By Steven Pressfield | Published: June 23, 2009
One of the acts that tribes frequently practice is ritual scarification. Tattoos, circumcision, mutilation of the flesh. The purpose is to draw a line between who’s a member of the tribe and who isn’t. This is Us … this is Not Us.
Non-hereditary tribes–criminal organizations, elite military units, certain religious or social orders–often have initiations. The candidate undergoes an ordeal. Sometimes he’s obligated to break the law or commit some act that severs him permanently from the larger society. The initiation says, “The line has been crossed, there’s no going back.” Again the purpose is to define who is One Of Us and who is Not One Of Us. With ritual scarification, the evidence is visible and permanent. The effect of initiations is permanent but invisible.
Throughout the ceremonial year, tribes reinforce the sense of This Is Us, This Is Not Us by various holidays, festivals and rites. Often they celebrate historical moments central to the group’s identity–the Exodus from Egypt, the Marine Corps Birthday, the birth of the Holy One.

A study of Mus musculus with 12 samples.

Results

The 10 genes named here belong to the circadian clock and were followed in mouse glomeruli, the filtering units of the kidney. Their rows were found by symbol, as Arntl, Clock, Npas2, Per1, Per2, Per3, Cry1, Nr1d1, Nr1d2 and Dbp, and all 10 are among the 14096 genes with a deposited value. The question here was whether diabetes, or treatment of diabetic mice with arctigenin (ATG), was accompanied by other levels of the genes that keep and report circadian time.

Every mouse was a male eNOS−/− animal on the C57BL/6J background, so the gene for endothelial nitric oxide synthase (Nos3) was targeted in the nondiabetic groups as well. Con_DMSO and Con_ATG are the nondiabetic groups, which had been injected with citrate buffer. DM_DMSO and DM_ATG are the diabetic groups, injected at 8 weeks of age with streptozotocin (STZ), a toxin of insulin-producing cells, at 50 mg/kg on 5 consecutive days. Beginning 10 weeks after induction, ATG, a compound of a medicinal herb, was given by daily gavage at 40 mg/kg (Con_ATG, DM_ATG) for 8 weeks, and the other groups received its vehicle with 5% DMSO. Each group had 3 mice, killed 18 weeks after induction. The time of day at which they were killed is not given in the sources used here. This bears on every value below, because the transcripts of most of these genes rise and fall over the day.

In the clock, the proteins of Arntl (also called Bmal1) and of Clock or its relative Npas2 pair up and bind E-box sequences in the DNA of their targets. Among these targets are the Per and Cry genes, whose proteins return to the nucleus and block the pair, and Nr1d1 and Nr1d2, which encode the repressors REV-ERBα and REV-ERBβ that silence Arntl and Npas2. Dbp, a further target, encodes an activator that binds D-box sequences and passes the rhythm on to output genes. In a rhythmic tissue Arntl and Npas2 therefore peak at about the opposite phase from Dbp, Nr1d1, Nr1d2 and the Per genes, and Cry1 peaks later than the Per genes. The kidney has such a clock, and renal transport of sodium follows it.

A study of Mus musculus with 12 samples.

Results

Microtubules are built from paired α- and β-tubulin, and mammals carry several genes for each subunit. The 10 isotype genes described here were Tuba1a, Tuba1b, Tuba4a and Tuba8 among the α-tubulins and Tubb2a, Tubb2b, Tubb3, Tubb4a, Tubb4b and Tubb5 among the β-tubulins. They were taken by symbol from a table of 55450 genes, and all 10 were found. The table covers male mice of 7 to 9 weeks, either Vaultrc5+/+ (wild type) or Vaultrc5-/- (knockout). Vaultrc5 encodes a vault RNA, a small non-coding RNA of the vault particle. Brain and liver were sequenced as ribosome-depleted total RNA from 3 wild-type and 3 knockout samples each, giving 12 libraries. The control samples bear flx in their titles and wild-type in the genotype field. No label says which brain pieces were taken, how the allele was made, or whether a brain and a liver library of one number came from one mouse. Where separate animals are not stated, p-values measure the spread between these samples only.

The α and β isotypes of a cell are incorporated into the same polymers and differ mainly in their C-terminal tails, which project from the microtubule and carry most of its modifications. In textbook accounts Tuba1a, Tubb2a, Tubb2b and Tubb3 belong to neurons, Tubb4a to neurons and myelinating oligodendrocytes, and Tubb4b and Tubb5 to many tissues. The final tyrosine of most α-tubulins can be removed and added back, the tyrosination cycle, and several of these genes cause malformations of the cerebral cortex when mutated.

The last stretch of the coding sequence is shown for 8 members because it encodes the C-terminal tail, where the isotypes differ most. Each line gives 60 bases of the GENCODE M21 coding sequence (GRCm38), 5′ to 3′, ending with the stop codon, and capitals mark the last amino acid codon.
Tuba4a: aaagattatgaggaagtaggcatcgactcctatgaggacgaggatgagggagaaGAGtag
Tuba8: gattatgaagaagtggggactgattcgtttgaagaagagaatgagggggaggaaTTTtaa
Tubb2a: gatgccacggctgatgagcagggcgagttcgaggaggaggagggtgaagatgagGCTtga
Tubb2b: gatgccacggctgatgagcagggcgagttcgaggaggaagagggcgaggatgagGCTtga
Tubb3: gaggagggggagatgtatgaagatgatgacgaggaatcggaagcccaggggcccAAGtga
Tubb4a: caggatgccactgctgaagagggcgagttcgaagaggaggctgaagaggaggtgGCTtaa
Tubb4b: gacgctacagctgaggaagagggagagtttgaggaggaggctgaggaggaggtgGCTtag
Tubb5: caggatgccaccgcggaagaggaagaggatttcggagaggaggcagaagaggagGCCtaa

Tribes often dress distinctively. Certain garments or undergarments again say, “This Is Us … This Is Not Us.” Tribes wear their hair differently from other tribes, adorn themselves differently, speak and act differently.
This stuff is important. It’s identity. It’s belonging. It goes to the core of our being. We need it.
Sometimes it’s hard to tell a religion from a tribe. Often the manifestations of the two are so interwoven, it’s almost impossible to separate them. Is the Mahdi Army religious or tribal? A Mormon mission? The IDF?
Israel is a particularly illuminating illustration. Who is a Jew and who’s not? Defined by whom? The citizenship board at Tel Aviv? The Gestapo? What criteria are religious and what are social/ethnic/political–in other words, tribal? We could ask the same of Sunnis or Shiites or of virtually any religion. The elements are so entangled, who can pull them apart?
My own vote goes with the soul versus the flesh. If it’s about the soul, it’s religion. If it’s the flesh, it’s tribal.
Any time you have a group that can, with minimum mental alteration, set down the prayer book and pick up a rifle … that group has ceased to operate as a religion and is now operating as a tribe.